Miners want mandatory capex rule relaxed as workers stay away fearing Covid

Topics miners | Coronavirus | Odisha mines

The relaxation by the government is expected to cushion the mining sector from the financial stress it’s facing after the onset and spread of Covid-19 pandemic
As miners struggle to get into the groove after the blow dealt on their operations by Covid-19 pandemic, they have sought respite from mandatory Capex (capital expenditure) commitments mandated in the new regulations.

With the fear of Coronavirus still lingering in the minds of workers, mining companies are finding it immensely difficult to reengage them. Lack of adequate workforce has cast a cloud on the future of mining operations. None of the merchant mines in Odisha whose lease validity expired by March 31, 2020 has been able to recommence any mine related activity. Though the successful bidders have got Letters of Intent (LoI), they are awaiting the grant of formal vesting orders from the state government to extract minerals.

What has compounded their woes is depleting demand from end use industries. Amid these unfavourable circumstances, miners are constrained to pledge Capex commitments on their operations.
“For new regulatory compliances, there would be many Capex requirements like for illumination, heavy earth moving safety requirements as per MMR (Metalliferous Mines Regulations) 2019. Also there are many circulars brought out in the last two years by DGMS (Directorate General of Mines Safety), IBM (Indian Bureau of Mines), etc. where Capex will become mandatory in the mines. This requirement of Capex can be withheld till the next financial cycle. The government should grant necessary relaxations in this regard”, said R K Sharma, secretary general, Federation of Indian Mineral Industries (Fimi).

The relaxation by the government is expected to cushion the mining sector from the financial stress it’s facing after the onset and spread of Covid-19 pandemic.

In its submission to the Ministry of Finance, Fimi has called for waiver of Integrated Goods & Services Tax (IGST) or reducing it to five per cent on imports made under Export Promotion schemes. Being a highly capital intensive industry, mining requires import of specialised heavy machinery. However, with the advent of GST, imports of IGST are taxed in the range of 18-28 per cent.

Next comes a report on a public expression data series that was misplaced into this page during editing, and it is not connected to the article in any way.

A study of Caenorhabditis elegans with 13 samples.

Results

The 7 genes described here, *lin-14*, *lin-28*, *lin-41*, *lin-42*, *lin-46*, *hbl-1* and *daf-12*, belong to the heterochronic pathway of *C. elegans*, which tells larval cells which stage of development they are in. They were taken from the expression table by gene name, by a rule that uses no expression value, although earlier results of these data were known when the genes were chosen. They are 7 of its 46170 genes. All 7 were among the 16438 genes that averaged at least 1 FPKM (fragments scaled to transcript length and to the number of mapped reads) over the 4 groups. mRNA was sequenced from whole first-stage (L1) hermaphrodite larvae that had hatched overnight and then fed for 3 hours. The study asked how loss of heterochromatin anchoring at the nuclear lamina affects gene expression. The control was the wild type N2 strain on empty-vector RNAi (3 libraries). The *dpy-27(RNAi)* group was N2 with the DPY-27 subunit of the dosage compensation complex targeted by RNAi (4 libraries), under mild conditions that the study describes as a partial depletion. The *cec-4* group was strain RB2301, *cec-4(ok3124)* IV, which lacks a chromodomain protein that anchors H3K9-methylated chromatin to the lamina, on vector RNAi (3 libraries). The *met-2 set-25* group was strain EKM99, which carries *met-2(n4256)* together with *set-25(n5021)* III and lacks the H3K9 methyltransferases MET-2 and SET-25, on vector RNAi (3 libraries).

The mineral lobby body has also advocated rationalisation of GST on royalty. Presently, 18 per cent GST is levied on the royalty amount while five per cent is charged on sale of minerals. Fimi has suggested that GST on royalty needs to be scaled down to five per cent to bring it at par with the rate on sale of minerals. The uniformity in tax rates would help raise operational productivity and ensure environmental sustainability through efficient machinery procurement.
For ensuring economic viability of mining operations, Fimi has suggested that Railways should extend 50 per cent discount in outbound freight of exported minerals /mineral products to ports and inbound freight of raw material utilized to produce the exported goods for the period of six months plus one month. Moreover, priority should be given to cut railway freight for transportation of minerals and metals.

“This will result in companies reaching to the farthest area possible resulting in sustainable output till the time demand revives fully. It would also minimise human interface,” Sharma said.